The forecast for Friday, July 9th, 2021 was full sun with a high of 72 degrees. I figured it would be like most days metal detecting… a gamble. Would I come home with anything noteworthy? Or would it be a morning where I simply got out and under the waters of Geneva Lake, some time to mingle with the panfish and smallmouth bass, sand, and seaweed.
After sliding into my wetsuit and loading the car with my gear, I was off to detect at my favorite beach. Little did I know that today’s find would transport me back to the year the Beatles first performed on the Ed Sullivan Show, Dr. Martin Luther King Jr. received the Nobel Peace Prize, and the Surgeon General reported that smoking may lead to lung cancer.
Detecting around a swim pier is slow, sometimes tedious work. I’m not sure the order of my finds, but along with a half-dozen bobby pins, washers and nails, and hair ties, I pulled up a 1941 Mercury Dime and two junk rings.
My next find was almost effortless. It was in fact only a few inches under. After a bit of stirring and pushing aside debris, I revealed gold—big gold—a bulking, shining class ring. I studied it underwater, looking for a stamp inside the band. There it was, “10K”. Jackpot! And then I noticed three letters stamped into the band in ornate cursive, “F.E.C.”
Connecting lost items with the owners is rarely easy. But, this ring was different. I not only had one piece of evidence- the initials F.E.C.—but I also had a year—1963—and a high school from New Jersey.
I stared at the Google search engine box and typed in Bogota High School, New Jersey. I quickly found the high school and began to look for phone numbers, maybe of the high school librarian. I figured there was a dusty yearbook from 1963 that someone could leaf through on my behalf, looking for a name that matched my “F.E.C.” As it turned out, there was a sparkly digital version of the 1963 yearbook that I could swipe through all by myself. Just pages in, I got to the senior photos: black and white faces of eager high schoolers, ready to break out into the world, just as the Beatles would soon be breaking into the hearts and homes of Americans. I slowly studied each name. Finally I was rewarded with the entry I needed—in all caps—FRANCIS EDWARD CONDON in a white shirt, dark tie, and tweed sport coat.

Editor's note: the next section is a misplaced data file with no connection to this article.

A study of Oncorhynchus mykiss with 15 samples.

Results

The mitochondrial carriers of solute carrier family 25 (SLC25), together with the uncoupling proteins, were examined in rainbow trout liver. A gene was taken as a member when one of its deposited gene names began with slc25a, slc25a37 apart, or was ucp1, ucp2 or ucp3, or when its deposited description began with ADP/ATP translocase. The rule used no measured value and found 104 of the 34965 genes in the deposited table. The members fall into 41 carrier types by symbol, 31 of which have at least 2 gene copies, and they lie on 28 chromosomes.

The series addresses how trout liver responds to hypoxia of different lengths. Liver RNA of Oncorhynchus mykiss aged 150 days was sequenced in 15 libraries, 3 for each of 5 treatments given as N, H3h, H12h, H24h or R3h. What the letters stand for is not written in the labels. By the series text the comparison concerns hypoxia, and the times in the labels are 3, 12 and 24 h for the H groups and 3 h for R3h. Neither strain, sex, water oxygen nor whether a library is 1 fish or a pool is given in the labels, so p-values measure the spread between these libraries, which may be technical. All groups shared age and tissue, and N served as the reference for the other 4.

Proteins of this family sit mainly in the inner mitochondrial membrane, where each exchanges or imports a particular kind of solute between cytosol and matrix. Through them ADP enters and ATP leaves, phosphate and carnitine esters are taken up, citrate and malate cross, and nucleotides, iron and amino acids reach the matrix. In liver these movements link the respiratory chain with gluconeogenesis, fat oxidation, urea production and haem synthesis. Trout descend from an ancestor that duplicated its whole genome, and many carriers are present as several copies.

I now had a name and face, albeit a face from 58 years ago. If he was alive, he would be nearing 78 years old. Could I find him, or at least his family? That would come, but months later.
For months off and on I tried searching online. People-finding services all turned up dead ends or those much younger or older than Mr. Condon. On September first, I was directed by other metal detectorists to try the website True People Search. Minutes later I had five phone numbers for a 77 year-old Floridian named Francis E. Condon.
I stepped outside and into my driveway to get away from the clatter of four children. After dialing the fifth and final number I expect the same dead end. “Hello?” a woman’s voice answered.
“Hello, I replied. I’m looking for a ‘Francis Edward Condon.’ I think I have something that belongs to him. Is he available?”
Over the next few minutes I spoke with Mr. Condon, my voice jumpy with excitement. It was clear after two questions that this was the man I was searching for.
Question 1: Have you ever been to Lake Geneva, WI? Answer: Yes
Question 2: Did you ever lose anything there? Answer: Yes, my class ring.
There was a big celebration on my end. But a bigger one was coming.
“Sir, I have to ask, when did you lose it?” (After all, Lake Geneva is a tourist town, with lots of visitors.) In my mind’s eye I could see an older man, fingers wrinkled with time, gripping the white edge of the swimming pier. Perhaps he had been watching his grandchildren showing off their very best cannonballs. His hands were clapping vigorously as a smile shot out of the water. “What did you think of that one, Grandpa?” And then, the sound… plunk! The empty spot on the ring finger, the weight of 8 grams of gold, suddenly missing.
But none of the above fantasy was true. The hand that lost the ring was young and vigorous, grandchildren were decades in the future. The hand… and the ring, were from a newly-enlisted soldier in the spring or summer of 1964. Kamala Harris, Michelle Obama, and Jeff Bezos were unknown in 1964—they were busy being born.
This high school ring, the one I held in my hand, dropped into Geneva Lake in 1964 and fell out of sight for 57 years. My mind was swimming.
* * *
Mr. Condon received his ring back on Sept. 13th, 2021. He slipped it on and sent me a photo of his smile.
People often ask, “What’s the best thing you’ve ever found?” My reply is always— stories. I know that’s not what they want to hear, but I would trade any ring, coin, or old button for the story behind it. Most of the time the story goes untold. This is one I have enjoyed telling over and over again, and it never ceases to amaze me every time I tell it.